Mobilier Urbain


雅图·巴拉达(摩洛哥人,b.1971, 巴黎)曾在巴黎大学学习历史与政治、在纽约学习摄影。她的作品,包括摄影、电影、雕塑、版画以及装置,始于探索她故乡Tangier的奇怪现状。Barrada的作品曾在伦敦泰特现代美术馆、纽约现代艺术博物馆、芝加哥文艺复兴协会、洛特单的Witte de With,慕尼黑的Haus der Kunst、柏林古根海姆、巴黎蓬皮杜中心、明尼阿波利斯的沃克艺术中心、伦敦白教堂画廊,以及2007与2011年的威尼斯双年展中展出。 她曾被评选为德意志银行2011年年度艺术家,随后她的展览RIFFS大范围巡回展出。Barrada同时还是Cinémathèque de Tanger的创始总监。她曾荣获2013-2014年Robert Gardner Fellowship摄影奖(哈佛大学Peabody 博物馆),2015年Abraaj团体艺术奖和2016年Canon Tiger 短篇电影奖。2016年,她荣获马塞尔·杜尚奖的提名。

  • Yto Barrada: Mobilier Urbain

    LONDON, April 20, 2012—Pace London is delighted to announce an exhibition of work by Moroccan artist Yto Barrada, on view at 6-10 Lexington Street from May 24 to July 14, 2012. This exhibition marks the first time Barrada’s work has been presented in a commercial UK gallery and many of the works on view have never before been presented in this country.

    Yto Barrada (b.1971) lives and works in Tangier, and the city is a key source of inspiration and subject matter for her work. The exhibition, entitled Mobilier Urbain, is an ensemble of sculptures and photographs which examines, among other themes, the relationship between unchecked urban development, the botanical landscape, and the subtle forms of resistance that humans—and plants—attempt against the forces of monoculture.

    The works on view in Mobilier Urbain span Barrada’s varied career. Gran Royal Turismo (2003) is a table-sized automated model of a rather bleak little city, preened for the arrival of a political dignitary. When a convoy of black Mercedes emerges from a tunnel, palm trees push out of the ground, sidewalks and walls flip to reveal freshly painted surfaces, and flags blossom ahead of the convoy’s arrival route. The city has been transformed for the eyes of the officials in those cars.

    A recurring motif in Barrada’s work is the tree, notably the palm tree—both a co-opted icon of exoticism and a pawn to be played in the game of urban planning. A new work entitled Twin Palm Island (2011) places two palm tree-shaped signs onto children’s wagons. The work raises questions about the ranks of palm trees, transplanted from the warm south, which line Tangier’s avenues. Also called to account is the maturity of the officials who place them there. Photographs from the series Autocar show details of the company logos painted on the sides of buses in the Port of Tangier. It is of particular resonance to Barrada that the photos do not give away their stories, but simply allude to them: the illiterate children who read the destinations by these icons and smuggle themselves into the undercarriages and wheels wells of the buses, in the hope of escaping to the European destinations the icons represent. Telephone Books records another kind of coded language, the drawings and tally marks which the artists’ grandmother used to record family telephone numbers, as she could not read or write.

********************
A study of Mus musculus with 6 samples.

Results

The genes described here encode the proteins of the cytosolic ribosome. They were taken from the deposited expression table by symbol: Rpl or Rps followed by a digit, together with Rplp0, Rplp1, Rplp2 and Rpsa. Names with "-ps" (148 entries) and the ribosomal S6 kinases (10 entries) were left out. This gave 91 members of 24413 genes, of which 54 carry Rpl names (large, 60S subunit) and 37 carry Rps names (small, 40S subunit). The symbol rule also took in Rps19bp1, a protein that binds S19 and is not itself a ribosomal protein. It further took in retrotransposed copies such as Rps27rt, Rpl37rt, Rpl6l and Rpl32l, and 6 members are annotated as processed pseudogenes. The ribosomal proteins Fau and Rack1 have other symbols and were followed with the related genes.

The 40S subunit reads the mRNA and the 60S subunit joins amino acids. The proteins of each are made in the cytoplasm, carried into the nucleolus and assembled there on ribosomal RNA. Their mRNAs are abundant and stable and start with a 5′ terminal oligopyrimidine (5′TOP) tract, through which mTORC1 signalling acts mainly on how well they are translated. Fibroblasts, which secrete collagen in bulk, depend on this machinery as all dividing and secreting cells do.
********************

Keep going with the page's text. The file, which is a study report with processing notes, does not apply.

Of Mobilier Urbain, Marie Muracciole, the curator of Barrada’s traveling exhibition RIFFS, writes: “For Yto Barrada, Tangier is a collage of temporalities, where official history is peeling off the damp walls, a city transformed by Europe’s Schengen accords into a geopolitical dead-end. But for the artist, the city is also the stage of a necessary resistance to the global economy's absolutist logic of development.

    In this exhibition, sculptures—Gran Royal Turismo (a model in which « Potemkin » set dressing rises out of the ground, ahead of the arrival of an official convoy) and Twin Palm Island, (a movable piece of illuminated signage, which literally transports its exotic cargo)—dialogue with the artist book A Guide to Trees for Governors and Gardeners, an acerbic and droll critique of modern Urban Planning.

    Barrada opposes the dominant discourses with a less-visible regime of signs. She gives them a surface on which to appear with photographs like Telephone Books.”